Our HistoryThe society and the county museum were both born during Indiana’s statewide centennial celebration of 1916. A local Chamber of Commerce exposition to celebrate the occasion included a large historical exhibit, which became one of the leading attractions at the event. At about the same time, the Kokomo Woman’s Department Club, along other civic-minded residents, started the historical society and dedicated the organization to the preservation and dissemination of local history.
The county museum opened in the Carnegie Library in 1923 using many of the artifacts displayed during the 1916 exposition. The collections rapidly outgrew the library, though, with artifacts reportedly stored in several scattered locations. The construction of a new courthouse in 1937 provided an opportunity to pull all of the collections together in one location, where they could be available for public display. A Works Progress Administration project moved the museum there in 1939.
In 1957, the historic Vermont covered bridge was about to be destroyed by construction of the Wildcat Reservoir. The historical society lobbied to save the bridge, raised money, and eventually obtained permission to disassemble the bridge and rebuild it in Highland Park.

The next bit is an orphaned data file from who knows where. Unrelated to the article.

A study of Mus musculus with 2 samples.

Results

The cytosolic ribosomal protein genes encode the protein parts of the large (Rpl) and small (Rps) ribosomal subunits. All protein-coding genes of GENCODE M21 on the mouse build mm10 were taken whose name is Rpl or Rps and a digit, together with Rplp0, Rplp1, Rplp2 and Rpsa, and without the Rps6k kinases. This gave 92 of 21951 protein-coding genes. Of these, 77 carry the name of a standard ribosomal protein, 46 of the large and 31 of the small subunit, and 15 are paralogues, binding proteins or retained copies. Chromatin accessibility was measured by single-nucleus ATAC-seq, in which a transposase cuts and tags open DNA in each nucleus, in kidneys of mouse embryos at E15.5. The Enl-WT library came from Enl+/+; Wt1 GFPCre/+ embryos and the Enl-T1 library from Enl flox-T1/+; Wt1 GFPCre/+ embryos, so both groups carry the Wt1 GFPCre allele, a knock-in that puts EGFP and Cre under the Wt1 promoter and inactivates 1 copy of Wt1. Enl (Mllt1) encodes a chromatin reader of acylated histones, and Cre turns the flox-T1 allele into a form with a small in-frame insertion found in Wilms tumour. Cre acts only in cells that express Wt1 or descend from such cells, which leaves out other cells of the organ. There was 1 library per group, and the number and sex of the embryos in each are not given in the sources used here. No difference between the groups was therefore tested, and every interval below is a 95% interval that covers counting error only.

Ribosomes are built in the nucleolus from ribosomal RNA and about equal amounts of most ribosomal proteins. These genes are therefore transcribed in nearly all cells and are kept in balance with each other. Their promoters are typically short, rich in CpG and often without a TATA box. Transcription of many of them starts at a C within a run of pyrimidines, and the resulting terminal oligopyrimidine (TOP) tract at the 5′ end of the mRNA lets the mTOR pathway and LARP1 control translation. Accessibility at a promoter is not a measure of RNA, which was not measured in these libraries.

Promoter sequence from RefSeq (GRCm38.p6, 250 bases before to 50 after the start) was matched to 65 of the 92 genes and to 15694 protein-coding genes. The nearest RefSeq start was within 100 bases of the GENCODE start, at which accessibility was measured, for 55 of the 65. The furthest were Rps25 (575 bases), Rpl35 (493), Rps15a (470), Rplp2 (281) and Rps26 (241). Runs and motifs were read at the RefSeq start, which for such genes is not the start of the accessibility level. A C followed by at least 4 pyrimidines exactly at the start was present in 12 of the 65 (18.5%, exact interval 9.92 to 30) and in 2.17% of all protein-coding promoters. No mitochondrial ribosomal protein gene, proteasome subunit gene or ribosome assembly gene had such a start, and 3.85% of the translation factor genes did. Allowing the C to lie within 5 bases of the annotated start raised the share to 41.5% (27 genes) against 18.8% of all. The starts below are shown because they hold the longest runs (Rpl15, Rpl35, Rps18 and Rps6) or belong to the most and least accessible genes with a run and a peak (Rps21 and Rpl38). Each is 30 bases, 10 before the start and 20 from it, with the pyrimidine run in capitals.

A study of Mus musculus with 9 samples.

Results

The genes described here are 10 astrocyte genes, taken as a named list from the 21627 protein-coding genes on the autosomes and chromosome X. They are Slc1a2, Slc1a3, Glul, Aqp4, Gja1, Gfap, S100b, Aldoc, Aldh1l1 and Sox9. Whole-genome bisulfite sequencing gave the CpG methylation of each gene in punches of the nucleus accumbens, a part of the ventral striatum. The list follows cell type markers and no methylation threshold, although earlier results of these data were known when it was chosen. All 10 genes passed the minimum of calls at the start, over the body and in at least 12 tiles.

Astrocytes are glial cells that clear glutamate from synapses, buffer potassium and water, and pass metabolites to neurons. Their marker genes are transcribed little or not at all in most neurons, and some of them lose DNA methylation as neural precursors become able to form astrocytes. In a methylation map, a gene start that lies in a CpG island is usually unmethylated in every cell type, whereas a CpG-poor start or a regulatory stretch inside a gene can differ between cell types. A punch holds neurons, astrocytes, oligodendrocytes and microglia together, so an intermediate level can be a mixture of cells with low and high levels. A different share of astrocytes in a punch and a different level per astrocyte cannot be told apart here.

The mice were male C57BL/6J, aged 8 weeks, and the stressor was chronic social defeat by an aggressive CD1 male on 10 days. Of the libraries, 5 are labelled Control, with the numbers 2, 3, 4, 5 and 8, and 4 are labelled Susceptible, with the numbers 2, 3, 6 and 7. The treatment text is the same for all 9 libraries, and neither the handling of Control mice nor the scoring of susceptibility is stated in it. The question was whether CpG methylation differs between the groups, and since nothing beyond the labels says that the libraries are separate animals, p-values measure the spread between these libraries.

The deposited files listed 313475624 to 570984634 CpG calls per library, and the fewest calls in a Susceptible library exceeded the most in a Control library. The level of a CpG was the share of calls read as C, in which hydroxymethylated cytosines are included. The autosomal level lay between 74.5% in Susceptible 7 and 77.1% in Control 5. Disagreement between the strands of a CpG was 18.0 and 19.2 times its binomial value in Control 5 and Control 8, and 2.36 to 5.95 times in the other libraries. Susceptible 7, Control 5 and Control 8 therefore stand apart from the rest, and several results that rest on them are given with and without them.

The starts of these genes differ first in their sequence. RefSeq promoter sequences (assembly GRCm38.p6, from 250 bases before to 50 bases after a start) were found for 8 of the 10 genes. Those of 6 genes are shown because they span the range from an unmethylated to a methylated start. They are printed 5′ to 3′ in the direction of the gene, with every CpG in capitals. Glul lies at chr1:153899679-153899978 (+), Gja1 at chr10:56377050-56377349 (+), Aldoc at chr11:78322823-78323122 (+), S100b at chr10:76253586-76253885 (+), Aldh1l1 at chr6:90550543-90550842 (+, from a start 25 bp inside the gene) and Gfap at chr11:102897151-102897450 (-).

In 1964, Indiana University was preparing to vacate its classrooms in the Seiberling Mansion, which it had owned since 1946, and move to a new campus. The community began to consider what to do with the mansion and the idea of a new home for the county museum was proposed. Almost immediately, the historical society began working toward that goal. In 1971, Howard County took possession of the building in partnership with the society.
Initial restoration work was accomplished with community contributions, both monetary and in-kind, and thousands of man-hours of volunteer labor. Since 1972, the historical society has engaged the community in several successful campaigns to improve the museum facilities. In the most recent, the slate roof of the mansion was replaced
HCHS was honored with the 2008 Outstanding Local History Organization award from the Indiana Historical Society and was recognized again in 2012 with the IHS Outstanding History Project award for the Ryan White Oral Histories.